Mass demonstrations took place in Cairo last week. Thousands gathered to support the President’s decision to reconvene parliament. His initiative defied the order of the constitutional court, backed by the military council, to annul the recent parliamentary elections. The struggle for power continues in the country as the Muslim Brotherhood and the military vie for authority.
Previous Egyptian President, Hosni Mubarak, was ousted from his position in February 2011 following the 2011 Egyptian Revolution. The people of Egypt gathered in a largely non-violent protest to demand the overthrow of Mubarak’s 30 year long dictatorship. Despite the non-violent nature of the protest, demonstrators and police came head to head and 846 people were killed while 6,000 were injured. Vice President Omar Suleiman announced that Mubarak had resigned as president on the 11th February and transferred authority to the Supreme Council of the Armed Forces (SCAF).
SCAF has held authority in the country since Mubarak was ousted and stated when they took power that Parliamentary and Presidential elections would take place imminently.
The parliamentary elections took place from November 2011 to January 2012 and the Muslim Brotherhood, standing as the Justice Development Party, part of The Democratic Alliance for Egypt, won a majority. Egypt’s first civilian and post-revolution president Mohamed Morsi, of the Muslim Brotherhood, was voted in as President on 18th June 2012.
Shortly before the presidential election results were announced on the 24th June, the ruling military council issued a series of decrees granting itself broad power over the future government in an apparent effort to limit presidential power. This move – seen by many as an attempted power grab by SCAF – has led to the problems in Egypt over the last few weeks as the military and the Muslim Brotherhood wrestle for power.
The contest between the two authorities was made clear on Tuesday when the Constitutional Court – Egypt’s highest court – cancelled a decree by Morsi to restore parliament. Morsi had issued a decree on Sunday ordering parliament to reconvene, in defiance of the constitutional court’s ruling and a military decree ordering its dissolution.
The Judges’ Club gave Morsi 36 hours to withdraw his decision to reinstate parliament, and the military council urged him to uphold the law. “If this does not happen, we will announce measures in response”, warned head of the Judges Club, Ahmed al-Zend.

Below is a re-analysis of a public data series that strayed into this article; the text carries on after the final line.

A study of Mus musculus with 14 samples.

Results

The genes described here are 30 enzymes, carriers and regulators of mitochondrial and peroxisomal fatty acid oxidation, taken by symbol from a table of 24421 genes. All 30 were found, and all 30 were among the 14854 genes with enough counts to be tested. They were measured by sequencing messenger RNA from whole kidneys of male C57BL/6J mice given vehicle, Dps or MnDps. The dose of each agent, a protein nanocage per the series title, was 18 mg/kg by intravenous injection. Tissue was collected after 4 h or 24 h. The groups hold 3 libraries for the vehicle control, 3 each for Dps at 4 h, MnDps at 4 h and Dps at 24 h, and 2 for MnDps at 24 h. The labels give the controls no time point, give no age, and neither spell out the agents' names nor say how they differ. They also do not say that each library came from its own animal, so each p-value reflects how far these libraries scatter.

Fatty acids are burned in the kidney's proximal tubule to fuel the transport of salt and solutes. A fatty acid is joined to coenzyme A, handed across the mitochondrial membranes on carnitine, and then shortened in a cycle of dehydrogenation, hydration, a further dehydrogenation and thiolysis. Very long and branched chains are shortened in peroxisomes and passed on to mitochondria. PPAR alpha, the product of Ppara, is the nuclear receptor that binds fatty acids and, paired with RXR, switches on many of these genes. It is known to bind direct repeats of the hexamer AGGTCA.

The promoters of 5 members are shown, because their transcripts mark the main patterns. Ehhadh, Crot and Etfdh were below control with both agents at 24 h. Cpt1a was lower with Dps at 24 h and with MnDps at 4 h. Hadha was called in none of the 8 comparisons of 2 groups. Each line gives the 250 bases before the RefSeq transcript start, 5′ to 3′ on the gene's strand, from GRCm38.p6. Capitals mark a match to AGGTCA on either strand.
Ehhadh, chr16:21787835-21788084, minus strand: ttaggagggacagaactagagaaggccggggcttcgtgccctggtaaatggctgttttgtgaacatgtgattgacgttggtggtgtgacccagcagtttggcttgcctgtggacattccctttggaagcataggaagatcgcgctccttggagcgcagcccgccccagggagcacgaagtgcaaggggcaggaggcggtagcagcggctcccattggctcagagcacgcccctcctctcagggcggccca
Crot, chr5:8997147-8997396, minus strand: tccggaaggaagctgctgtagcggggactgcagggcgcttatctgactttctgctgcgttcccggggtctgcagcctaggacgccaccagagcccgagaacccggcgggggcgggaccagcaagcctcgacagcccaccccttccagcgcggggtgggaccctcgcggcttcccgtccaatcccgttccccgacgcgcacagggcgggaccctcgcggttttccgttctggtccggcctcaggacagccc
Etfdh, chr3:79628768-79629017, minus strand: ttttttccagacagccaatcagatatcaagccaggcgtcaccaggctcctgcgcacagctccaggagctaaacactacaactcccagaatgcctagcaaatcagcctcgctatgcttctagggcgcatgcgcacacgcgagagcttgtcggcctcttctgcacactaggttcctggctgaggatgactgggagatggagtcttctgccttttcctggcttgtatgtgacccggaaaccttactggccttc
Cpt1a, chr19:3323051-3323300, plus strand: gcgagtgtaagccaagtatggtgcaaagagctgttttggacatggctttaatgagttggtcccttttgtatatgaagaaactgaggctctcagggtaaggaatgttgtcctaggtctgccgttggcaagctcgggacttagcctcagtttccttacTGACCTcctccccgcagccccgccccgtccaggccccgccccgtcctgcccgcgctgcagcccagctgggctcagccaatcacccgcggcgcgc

Morsi ignored warnings and parliament met on Tuesday 10th July for a mere five minutes, during which the court stated that its initial decision to dissolve the assembly must be enforced and Morsi’s decree was in violation of earlier rulings.
The assembly was boycotted by several liberal MPs who believed that parliament was acting unconstitutionally, and U.S. Secretary of State Hillary Clinton has encouraged the two authorities to settle the dispute. “We strongly urge dialogue and a concerted effort on the part of all to try to deal with the problems that are understandable, but have to be resolved in order to avoid any kind of difficulties that could derail the transition that is going on,” she said.
Protesters gathered across Cairo to voice their discontent at the situation. In Tahrir Square, protests were held to demonstrate against the dissolution of parliament, while anti-parliament protesters gathered in the eastern district of Nasr City to object against its return.
Mahmoud Bayoumi Heikal who was present at the protests said: “Thirty million Egyptians elected this parliament. Thirteen million elected the president. I want to say that all of us as judges, consultants, the Ministry of the Interior, the military, the people, the poor, orphans, navy and everyone else are all in the same boat. If this ship survives, we all survive; and if it sinks, we all sink.”
The Foreign and Commonwealth Office continues its advice to British Nationals against all but essential travel to parts of Egypt, and recommends that all tourists should avoid protests and large gatherings in the country. They have also noted that that there has been an increase in sexual assaults on women during demonstrations in Tahrir Square and have warned women in particular to avoid these areas.
Former University of Nottingham student and ex-Impacter, Natasha Smith, recounted her own horrifying experience in Tahrir Square, during the announcement of Mohammed Morsi as the new president. While she was attempting to get footage for a documentary, Smith was the victim of a brutal sexual attack, that she vividly detailed in her blog. She describes an atmosphere “of jubilation, excitement, and happiness”, however things soon changed and she found herself being dragged into the crowd, stripped and assaulted “like fresh meat among starving lions”. In the end she only escaped after being pulled into a medical tent and disguised in a burka as the wife of an Egyptian man.
Smith was told that that the attack had been triggered by a group spreading rumours that she was a foreign spy. She was also told by local women that, “This is not Egypt! This is not Islam! Please, please do not think this is what Egypt is!” It seems that this is something that Smith appreciates. She says that she is “determined to return to this wonderful country and city that I love, and meet its people once again.” She is also set on completing her documentary and on challenging “the stereotypes and preconceptions that people have of Arab women back in the UK and the US.”